Version 1 is actually more common than you think, though it's usually not just for none/something meta options (and yes, I'd argue that is a meta option since it's selecting the type of option choice, not the choice itself): many interfaces that utilize complicated options with some kind of meta-choice have a similar checkbox/combobox interaction. KeePass, for example:
Since there are several different and distinct meta-options for what kind of authentication you want to use, the checkbox helps distinguish which you intend.
The important part is getting the interactivity right: making a change to any one of the fields marks that meta-option as active. Typing in the Master Password field checks that box; selecting a Key File marks that as active; etc. This keeps the 'clicks' to the same number it would be without the checkboxes, except when the user specifically uses them. It also reduces the clicks when the user wants to select the default option under a meta-option - then it's just one click (instead of two: opening the dropdown and selecting the other option).
A major pro of this route is also that it can save "preferences" for default options per each meta-option in case the user changes their mind about which they want to use: if I type in a password but want to use the key file I just browsed for and found, it's just a single click to go back to it, as opposed to losing my choice and having to browse again (and vise versa, my typed password isn't lost when I do this).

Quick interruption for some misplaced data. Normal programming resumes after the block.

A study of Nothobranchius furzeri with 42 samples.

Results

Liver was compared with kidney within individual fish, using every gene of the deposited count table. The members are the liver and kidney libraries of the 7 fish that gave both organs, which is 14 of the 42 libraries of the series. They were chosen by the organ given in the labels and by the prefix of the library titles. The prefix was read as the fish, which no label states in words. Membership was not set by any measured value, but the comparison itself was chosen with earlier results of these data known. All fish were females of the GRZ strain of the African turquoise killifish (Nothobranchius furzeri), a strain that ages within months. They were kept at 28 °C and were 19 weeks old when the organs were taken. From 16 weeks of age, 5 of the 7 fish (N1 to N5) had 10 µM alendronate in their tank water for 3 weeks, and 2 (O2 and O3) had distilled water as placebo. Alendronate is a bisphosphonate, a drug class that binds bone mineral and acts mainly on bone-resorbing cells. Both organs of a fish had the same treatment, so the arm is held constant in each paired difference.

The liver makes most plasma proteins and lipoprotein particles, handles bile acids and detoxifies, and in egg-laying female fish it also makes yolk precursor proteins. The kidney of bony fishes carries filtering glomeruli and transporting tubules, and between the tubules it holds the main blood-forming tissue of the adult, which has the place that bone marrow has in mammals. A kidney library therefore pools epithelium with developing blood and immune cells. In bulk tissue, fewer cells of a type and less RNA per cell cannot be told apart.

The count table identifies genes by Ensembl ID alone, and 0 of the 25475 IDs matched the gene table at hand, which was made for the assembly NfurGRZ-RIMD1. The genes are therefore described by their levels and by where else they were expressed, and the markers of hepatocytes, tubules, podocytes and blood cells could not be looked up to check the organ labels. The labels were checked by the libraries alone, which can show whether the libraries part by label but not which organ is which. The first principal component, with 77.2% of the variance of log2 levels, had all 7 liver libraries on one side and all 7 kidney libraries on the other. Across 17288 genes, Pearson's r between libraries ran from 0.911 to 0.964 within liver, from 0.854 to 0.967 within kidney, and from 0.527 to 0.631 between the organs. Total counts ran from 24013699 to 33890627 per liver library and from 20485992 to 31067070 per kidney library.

Many more applications do this and you probably don't even think of it as a design pattern: installers often give a choice between the default install path (the 'none' checkbox) and a custom one (file browser input); or browsers that ask where the downloads folder should be vs. always asking (pretty much every browser).
The cons appear when you don't get the interactivity right: either making a change/selection in an option doesn't automatically select its meta-option (adding a step that might be overlooked or missed by inattentive users) or it clears the other meta-options' choices (as in, selecting a key file clears the password field) and penalizes users for changing their minds.